Greg loves his Negroni shirt. He appreciated it so much that I’ve decided to make him a few more. And I’ve become obsessed. I want to make the perfect one. Most of my troubles came from stitching the arm sleeves. It was the most sewing step ever. Luckily I used thread that was a very close hue to the shirt so it’s nearly invisible. Phew. Aside from wonky stitches (and a wonky collar, more on that to come) I think it came out pretty well considering I’ve never a) sewn buttonholes b) sewn sleeves and c) successfully completed an Intermediate pattern. Y’all all know about my Rooibos woes. Oy. But enough babbling, take a look at my very appreciative hubbie. He’s the best. *Sigh* You know it’s love when he’ll wear a shirt with wonky stitches.
I found using a stripey fabric really helpful in that it helped me line and stitch the fabric up correctly.
Be wary of accidentally sewing the wrong side of the collar onto the shirt. I totally did that. The top stitches are on the bottom. Sadness. yesterday, I swear I could not stop looking at that damn collar all night. Another mistake I did was when sewing the facing my allowance was smaller than the 5/8 it should have been. I was left with part of the collar stitch showing. What a bummer.
I thought the facing would unhinge me this time around but it only did slightly :). I stitched it once and it didn’t work. The second time was a charm. Well, I convinced myself of that until I saw the stitches peeking out from the collar. But I was too afraid to rip it out and re-do it. When I did so the first time a bit of the fabric got damaged and I didn’t want to risk making it worst.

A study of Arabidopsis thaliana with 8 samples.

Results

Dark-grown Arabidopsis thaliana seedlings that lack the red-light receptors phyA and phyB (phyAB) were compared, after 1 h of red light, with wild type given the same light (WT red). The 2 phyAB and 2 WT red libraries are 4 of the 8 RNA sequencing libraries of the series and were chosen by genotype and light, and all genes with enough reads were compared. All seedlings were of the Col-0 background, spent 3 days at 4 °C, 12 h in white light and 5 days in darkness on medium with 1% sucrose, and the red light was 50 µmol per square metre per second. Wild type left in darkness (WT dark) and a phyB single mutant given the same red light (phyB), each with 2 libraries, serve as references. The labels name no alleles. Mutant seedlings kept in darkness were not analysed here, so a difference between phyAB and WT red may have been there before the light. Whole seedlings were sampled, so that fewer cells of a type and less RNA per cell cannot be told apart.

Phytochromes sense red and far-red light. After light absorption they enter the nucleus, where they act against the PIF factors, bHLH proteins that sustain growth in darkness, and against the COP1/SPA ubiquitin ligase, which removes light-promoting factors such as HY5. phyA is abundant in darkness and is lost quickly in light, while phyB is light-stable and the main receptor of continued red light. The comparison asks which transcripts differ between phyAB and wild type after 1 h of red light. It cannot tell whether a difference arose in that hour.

Some of the things I will have to keep in mind for the next Negroni: 1) Sew a lot slower. A slower speed would have produced neater sleeves, without a doubt. 2) Make sure to put a sticker on the right side of my collar to prevent sewing it on incorrectly. And finally 3) Sew the pocket last. I followed the directions and attached it first on the muslin and it was way off, too close to his sleeve. I had to re-position the markings while he wore it. That worked the best for me.
After finishing Greg’s shirt I wanted to make something up for myself but I wanted something easy and uncomplicated. Gertie’s full gathered skirt was so that. Images of a nice festive party skirt came into mind when I purchased some purple taffeta to make it. Yes! Purple taffeta. If this skirt didn’t work I feared looking like a rejected figured skater. Thankfully I didn’t.
Isn’t she beautiful? Probably the most fun I had sewing something. It came together so easily and fast. So darn fast. I did this baby in an afternoon. When I was done I decided to iron out the hem (my first blind hem, yay!) and catastrophe hit! In slow motion I was simultaneously assaulted with the smell of burnt plastic as I saw part of my hem melt. Yes. Melt!!!
I turned off the iron. Put the skirt aside and sat down on the sofa, mouth gaped open. But I managed to think through my fog and took a play from the J.Crew style handbook and decided to throw some yo-yo’s on that bad burn.
*All dressed up in our his and her sewn garments and ready to celebrate our anniversary.
We celebrated at on of my favorite theater houses, The Old Vic.
If you can go see The Playboy of the Western World. It was fabulous and Nathan from ‘Misfits’ is in it. Such a charmer!
*I didn’t wear the petticoat. I just put it on to see how it would look with the skirt. I preferred it without.